All the world’s a global supply chain to Kevin Wiesner and Lukas Bentel, co-chief creative officers of the viral art collective, Mschf.
“I think a lot of people are tapped into [the global supply chain] without realizing the degree to which they’re tapped into it,” Wiesener exclusively told WWD. “Even just the fact that I could set up a drop shipping business tomorrow if I wanted to. That’s me using the one tool that connects us all, the global supply chain.”
To achieve the handbag’s unique design, Wiesner and Bentel sent intentionally vague instructions to four leather-working factories around the globe. Many prototypes were produced, but only one made the final cut.
“The goal here was to have all the creative decisions made by the factory and remove us from the process as much as possible,” Wiesener said. “That happens when there aren’t specifications from the design side, the client side in this case, so we tried to cosplay as the worst possible client for the factories that we were working with.”
Initially, they sent an image of a Birkin to a factory in Peru. After a prototype was made, it was mailed to a factory in Portugal, where they were instructed to make the bag resemble a Celine Luggage tote. This game of telephone continued with factories in India and China, who were each asked to incorporate features of Dior’s Saddlebag and Balenciaga’s Hourglass, respectively.
“Those four [designer] bags are part of the iconic canon of handbags, and so it felt like good material to play with,” said Bentel. “I also think they were designs that the factories recognized.”
Mschf, whose releases span miscellaneous products including food, cologne and trading cards, has previously dabbled in making handbags. The brand’s first, a brown leather “Made in Italy” tote, is manufactured in the town of Italy, Texas. Last year, Mschf 3D printed a Louis Vuitton replica smaller than a grain of sea salt. The microscopic accessory fetched $63,000 at auction.
Materialism, particularly among the fashion crowd, has been ideal fodder for the art collective. In 2021, Mschf flayed Hermès bags to create $76,000 “Birkinstock” sandals, while their 2022 “OnlyBags” drop resold designer shopping bags for $40 a pop.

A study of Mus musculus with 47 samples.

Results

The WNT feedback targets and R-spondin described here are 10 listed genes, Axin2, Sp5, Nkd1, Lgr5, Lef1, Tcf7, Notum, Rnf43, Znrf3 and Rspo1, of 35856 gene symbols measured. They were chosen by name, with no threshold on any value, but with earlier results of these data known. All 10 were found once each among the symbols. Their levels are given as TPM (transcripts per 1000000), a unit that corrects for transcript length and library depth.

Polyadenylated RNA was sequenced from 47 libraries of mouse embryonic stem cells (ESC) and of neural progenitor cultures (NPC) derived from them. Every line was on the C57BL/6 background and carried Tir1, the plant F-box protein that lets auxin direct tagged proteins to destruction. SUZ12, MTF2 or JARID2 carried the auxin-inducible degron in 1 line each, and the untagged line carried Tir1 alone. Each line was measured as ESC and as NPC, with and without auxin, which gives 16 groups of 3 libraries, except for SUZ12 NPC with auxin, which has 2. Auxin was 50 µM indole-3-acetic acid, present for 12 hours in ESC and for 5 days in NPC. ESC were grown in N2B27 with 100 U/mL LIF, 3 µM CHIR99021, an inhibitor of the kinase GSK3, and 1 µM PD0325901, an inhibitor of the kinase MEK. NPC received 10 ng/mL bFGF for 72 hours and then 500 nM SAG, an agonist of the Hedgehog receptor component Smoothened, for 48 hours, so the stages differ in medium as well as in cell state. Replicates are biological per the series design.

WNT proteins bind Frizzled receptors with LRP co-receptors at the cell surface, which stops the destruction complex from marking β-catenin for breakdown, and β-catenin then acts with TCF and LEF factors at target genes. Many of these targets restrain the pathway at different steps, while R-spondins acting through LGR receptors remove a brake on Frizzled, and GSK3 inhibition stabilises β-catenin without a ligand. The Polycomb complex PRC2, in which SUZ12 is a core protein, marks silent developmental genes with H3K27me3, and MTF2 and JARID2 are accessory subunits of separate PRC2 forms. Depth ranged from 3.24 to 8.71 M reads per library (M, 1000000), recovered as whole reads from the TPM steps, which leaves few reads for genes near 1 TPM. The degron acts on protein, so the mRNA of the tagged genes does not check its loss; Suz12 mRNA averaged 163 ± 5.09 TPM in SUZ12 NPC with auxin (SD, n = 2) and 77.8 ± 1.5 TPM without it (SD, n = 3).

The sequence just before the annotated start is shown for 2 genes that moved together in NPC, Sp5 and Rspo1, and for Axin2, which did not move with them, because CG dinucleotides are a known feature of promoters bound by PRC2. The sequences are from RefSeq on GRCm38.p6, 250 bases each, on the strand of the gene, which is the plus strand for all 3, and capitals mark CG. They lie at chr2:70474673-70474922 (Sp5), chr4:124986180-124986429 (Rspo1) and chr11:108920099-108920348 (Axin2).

With the Global Supply Chain Telephone handbag, however, Mschf doesn’t intend to lampoon the rag trade, but rather, shine a spotlight on the hidden labor undergirding it. Although it’s customary for entire collections to be credited to a singular creative director, their work is almost always touched by tens —sometimes hundreds — of other craftspeople.
“What we realized working with a lot of different manufacturers is just how creative that side of the production process is,” Bentel said. “Some of the decisions that people make on the manufacturing side deeply affect the objects that come out. In my mind, this bag is really trying to highlight that creativity, which, especially in the high fashion world, is very often downplayed.”
As the global supply chain becomes increasingly far-reaching, so too, do the consequences of its shortcomings. The COVID-19 pandemic brought entire industries to a standstill, while current conflict in the Middle East threatens to upend carefully planned production timelines, causing ripple effects that often result in product shortages and delays.
Wiesener and Bentel have already felt some of those ripple effects. When the Ever Given cargo ship became lodged in the Suez Canal, Mschf was forced to alter their release cycles. Now, they’re facing similar hiccups due to the Panama Canal’s water shortage.
“The supply chain was once completely inaccessible to people like us,” Bentel said. “Our whole practice is based around playing in many, many different industries. Twenty years ago, that wasn’t possible. Having that access now, it feels very creatively liberating, but feeling any pushback on that because of things that are happening with the supply chain makes it a little bit scarier.”